New Year

Image of New Year
Release Date: 
November 2, 2021
World Editions

New Year is a novel about uncontrollable panic, repressed trauma, and the psychological patterns that persist in their aftermath. In the main character repressed memories for over 30 years have been denied or forgotten by all who experienced or witnessed what happened. 

We meet Henning, a German middle-aged publisher's editor, on a challenging bike ride on Lanzarote, a resort town in the Canary Islands. This bike trip, riddled with debilitating panic attacks, is a metaphor for his mid-life crisis. "He doesn't like old women in general, but one day he'll be living with one. He likes old men even less, but also knows that someday he'll be one."  This was supposed to be a much-needed family vacation.

On New Year’s Day, his highly successful wife Theresa and two very young children—Jonah, age four, and Bibi, age two—are at their modest apartment near the beach.   “New Year, new you!” he chants as his personal mantra as he forces himself to bike up the hill, dehydrated, muscles rebelling, and rife with panic attack after panic attack. "Between these fits he's tormented by fears of the next fit. They make it difficult for him to even notice anything else."

Both Henning and Theresa claim they love Jonas and Bibi, even though their children, like all children, can be a nuisance with their clinging, demands, and whininess.   "Sometimes he looks at Theresa and the kids and knows he loves them but doesn't feel a thing." The two parents seem to be always negotiating about which one will be "stuck" with childcare. Tensions smolder beneath the surface, but the reader does not know why. Henning is paralyzed by his fear: "his fear of these episodes still allows him to function in everyday life. But they turn into a living hell. He's all alone, trapped in his own personal purgatory." 

Henning—as a very young child—is described with a young boy's perceptions but not his voice. His son Jonas and his daughter Bibi are almost the same age as he and his little sister Luna when the "inciting incident" (his childhood trauma) occurs. Both little girls Luna and Bibi are whiny, pre-verbal, and not potty-trained. Both boys—Henning and his son Jonas—are precocious, analytical far beyond their age, and mostly proud of being a big brother.

The style of New Year is told in the third person, with almost no dialogue—except internal—making for a peculiar reading experience. The first half of the novel is almost entirely devoted to the adult Henning and his panic attacks, which are viscerally portrayed to the point that the reader can imagine what it is to experience one.  However, the proportion of the narrative devoted to the bike trip and the psychological terror is out of balance with the major plot. The reader can sense Henning's ordeal almost immediately, without the need for so many pages describing it. This weakens the story and sags, making it lose momentum. The drama really only begins to engage the reader at the novel's midpoint, when the dark heart begins to beat.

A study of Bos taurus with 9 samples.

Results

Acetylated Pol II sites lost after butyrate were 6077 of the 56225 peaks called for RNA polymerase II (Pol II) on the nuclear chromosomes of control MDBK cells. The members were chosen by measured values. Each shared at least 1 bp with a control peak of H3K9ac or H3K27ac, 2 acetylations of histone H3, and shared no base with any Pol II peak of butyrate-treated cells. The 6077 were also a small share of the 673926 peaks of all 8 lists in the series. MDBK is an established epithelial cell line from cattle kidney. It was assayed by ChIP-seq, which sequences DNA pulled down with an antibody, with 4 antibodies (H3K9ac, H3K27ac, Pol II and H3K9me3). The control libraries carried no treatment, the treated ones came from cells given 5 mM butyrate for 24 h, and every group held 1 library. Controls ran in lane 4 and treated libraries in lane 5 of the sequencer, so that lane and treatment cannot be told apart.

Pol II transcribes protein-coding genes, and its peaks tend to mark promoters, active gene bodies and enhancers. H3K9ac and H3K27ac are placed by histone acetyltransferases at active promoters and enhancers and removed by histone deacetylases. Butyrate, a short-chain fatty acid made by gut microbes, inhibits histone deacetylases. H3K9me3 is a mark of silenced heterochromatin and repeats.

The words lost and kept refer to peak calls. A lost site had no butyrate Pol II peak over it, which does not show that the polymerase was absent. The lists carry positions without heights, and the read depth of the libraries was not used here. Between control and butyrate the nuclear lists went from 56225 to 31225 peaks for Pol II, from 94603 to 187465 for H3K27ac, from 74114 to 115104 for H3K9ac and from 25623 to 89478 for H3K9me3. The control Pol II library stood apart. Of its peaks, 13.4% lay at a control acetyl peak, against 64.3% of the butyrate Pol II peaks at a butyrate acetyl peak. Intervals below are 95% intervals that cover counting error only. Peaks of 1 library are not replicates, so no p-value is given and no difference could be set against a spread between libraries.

The production of the English translation of New Year in paperback format has need for improvement.  American readers are used to page breaks and chapters. In the translation by Alta Price (paperback), there are only two breaks that look like chapter separations but without numbering or titles: at page 147 (a major shift in plot and a flashback to Henning's childhood), and page 261, the descending scenes after the climax. Without even a double-spaced break to indicate to the reader a different time and place, this reader found the continual flashbacks vertiginous, Absent customary spacing and formatting structure, the timeline and structure of New Year seem jarring.

While New Year has plotted out an unusual and extraordinarily vivid inciting incident and climax—almost voyeuristic in its exploration of unknown territory—slogging through the first half is tedious at best. With so many extraordinary novels to read with engaging and riveting themes focused on parenting dilemmas—even trauma—this one is not among them.